Friday, December 11, 2015

The rain, the train, the cloth again

Sorry. Couldn't resist the rhyme, even though it makes no sense. Rain, yes, lots of rain. It has been just pouring for the last week. Flooding, hillsides sliding, power outages, standing water like new lakes and just so dark. It's kind of a mess. So Ray and I took the train to Seattle for a slightly different view of rain and rain and rain. Truth is one of the days we were there the sky was blue and the sun shone—a little bit. Yesterday the rain was on again and we went out in it and the wind damn near blew us into the bay. View from a taxi:



Ray's face kind of says it all.

We did have a wonderful time at the Intimate Impressionism exhibit at the Seattle Art Museum.


The color of the plums in this Pierre Bonnard painting reminds one that somewhere the sun is shining and will someday shine again on the Pacific Northwest. Took the train home yesterday, missing the mudslides on I-5. Today it continues to pour.

Meanwhile, in the studio... My latest experiment was to color on a bit of fabric with watercolor crayons before adding deColourent using a wooden printing block. I wondered how the deColourent would affect the watercolor. Here it is drying:

Then I washed the chemical out and saw......

Almost nothing. Very little effect from the deColourent. So I laid the cloth on the printing block and used one of the watercolor crayons to make a rubbing.

I've gotten a couple days behind with my daily December experiments, but I'll be back to it tomorrow. I am enjoying them. I have had some comments suggesting that I need to go to the DeColourant web site to find out what to expect from the product before using it in differing ways. Yeah, well....then it wouldn't be an experiment, you see. Then it would be research, which is also good, but a different thing. Not knowing quite what to expect is the fun of experimenting.



  1. Geez, there's a difference between experimenting & knowing the properties of what you're experimenting with so you don't keep wondering why it's not working. That would be akin to trying procion dyes not knowing they need soda ash to bind to the tigers then wondering why the color washes out. If the decoulorant isn't removing color it's because it hasn't been activate & it is activated by heating with an iron. That's not doing research as much as it is reading directions. Sorry to get in a snit especially if you're enjoying this play but I don't think you're giving this product a proper chance.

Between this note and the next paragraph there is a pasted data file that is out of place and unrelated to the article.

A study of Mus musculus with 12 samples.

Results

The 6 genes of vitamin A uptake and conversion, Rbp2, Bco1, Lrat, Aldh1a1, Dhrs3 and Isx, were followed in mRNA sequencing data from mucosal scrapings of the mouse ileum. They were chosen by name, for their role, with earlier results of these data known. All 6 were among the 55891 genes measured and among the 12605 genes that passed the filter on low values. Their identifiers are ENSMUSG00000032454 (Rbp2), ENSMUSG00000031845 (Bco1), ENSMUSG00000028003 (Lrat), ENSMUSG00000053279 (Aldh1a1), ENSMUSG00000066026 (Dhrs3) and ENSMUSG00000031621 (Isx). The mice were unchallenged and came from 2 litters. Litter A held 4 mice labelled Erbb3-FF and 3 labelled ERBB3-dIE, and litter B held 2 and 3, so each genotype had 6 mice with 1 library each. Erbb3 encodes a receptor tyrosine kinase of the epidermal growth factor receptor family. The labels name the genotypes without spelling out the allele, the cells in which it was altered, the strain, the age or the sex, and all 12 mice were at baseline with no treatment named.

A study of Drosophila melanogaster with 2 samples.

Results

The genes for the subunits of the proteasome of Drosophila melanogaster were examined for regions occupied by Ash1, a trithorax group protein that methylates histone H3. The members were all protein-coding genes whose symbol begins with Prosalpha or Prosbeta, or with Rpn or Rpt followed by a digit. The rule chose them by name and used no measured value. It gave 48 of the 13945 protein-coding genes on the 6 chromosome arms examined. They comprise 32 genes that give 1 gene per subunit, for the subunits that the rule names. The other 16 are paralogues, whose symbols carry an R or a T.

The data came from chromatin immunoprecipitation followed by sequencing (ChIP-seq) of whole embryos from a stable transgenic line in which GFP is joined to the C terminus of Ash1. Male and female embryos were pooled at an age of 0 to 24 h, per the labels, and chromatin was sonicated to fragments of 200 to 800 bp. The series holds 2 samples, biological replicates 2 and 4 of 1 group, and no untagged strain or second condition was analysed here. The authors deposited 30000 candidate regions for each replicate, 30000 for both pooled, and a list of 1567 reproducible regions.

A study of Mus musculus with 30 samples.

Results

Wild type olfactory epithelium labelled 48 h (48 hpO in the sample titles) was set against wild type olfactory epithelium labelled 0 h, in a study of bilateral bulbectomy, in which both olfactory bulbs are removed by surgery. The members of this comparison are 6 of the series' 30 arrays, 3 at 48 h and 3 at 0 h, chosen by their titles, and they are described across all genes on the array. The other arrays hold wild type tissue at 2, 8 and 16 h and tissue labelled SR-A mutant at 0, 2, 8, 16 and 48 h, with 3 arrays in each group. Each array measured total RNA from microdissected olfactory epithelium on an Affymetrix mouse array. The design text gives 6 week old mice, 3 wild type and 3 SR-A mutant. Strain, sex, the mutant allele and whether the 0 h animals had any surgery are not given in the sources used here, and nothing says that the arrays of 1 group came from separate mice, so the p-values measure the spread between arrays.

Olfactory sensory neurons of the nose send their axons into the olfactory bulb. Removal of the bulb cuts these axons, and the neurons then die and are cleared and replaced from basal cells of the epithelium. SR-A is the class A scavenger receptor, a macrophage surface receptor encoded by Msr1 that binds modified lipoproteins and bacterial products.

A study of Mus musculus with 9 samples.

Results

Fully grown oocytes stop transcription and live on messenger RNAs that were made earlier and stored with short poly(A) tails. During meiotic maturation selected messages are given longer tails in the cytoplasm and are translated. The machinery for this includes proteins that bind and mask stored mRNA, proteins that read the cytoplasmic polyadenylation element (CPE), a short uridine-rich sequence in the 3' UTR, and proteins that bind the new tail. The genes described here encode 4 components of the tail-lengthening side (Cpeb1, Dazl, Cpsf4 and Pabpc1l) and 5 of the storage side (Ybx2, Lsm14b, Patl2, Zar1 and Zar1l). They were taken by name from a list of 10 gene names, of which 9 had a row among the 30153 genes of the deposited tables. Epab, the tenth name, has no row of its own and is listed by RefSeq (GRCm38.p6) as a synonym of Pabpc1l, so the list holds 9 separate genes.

1. Oh, but I did read the directions. And followed them. The directions said, among other things, to always test the product as it produces different results on different fabrics, and that is what I have been doing. I was also interested in how it would work if I had added watercolor first—which was not covered in the directions. I learned that it doesn't, which is what I wanted to know. The directions also recommend using a heat gun to activate the product, the netting with an iron. It's a good product and now I have some idea of its limitations.

    2. That should say "then setting with an iron"... Which is what I've been doing.

  2. I like the way the rubbing came out. I'd probably read the DeColourant website and do my own thing anyway. But yeah, the whole point is experimenting. If we wanted to follow directions, we could've just bought a kit. (That doesn't actually help. I don't follow those directions either.)

    I fed my husband 'experimental food' the other night. I ran across a menu that sounded good, realized I had most of the ingredients they talked about on the menu, found an approximation of a similar recipe and off I went. Fortunately it turned out well. Experiments can work out well!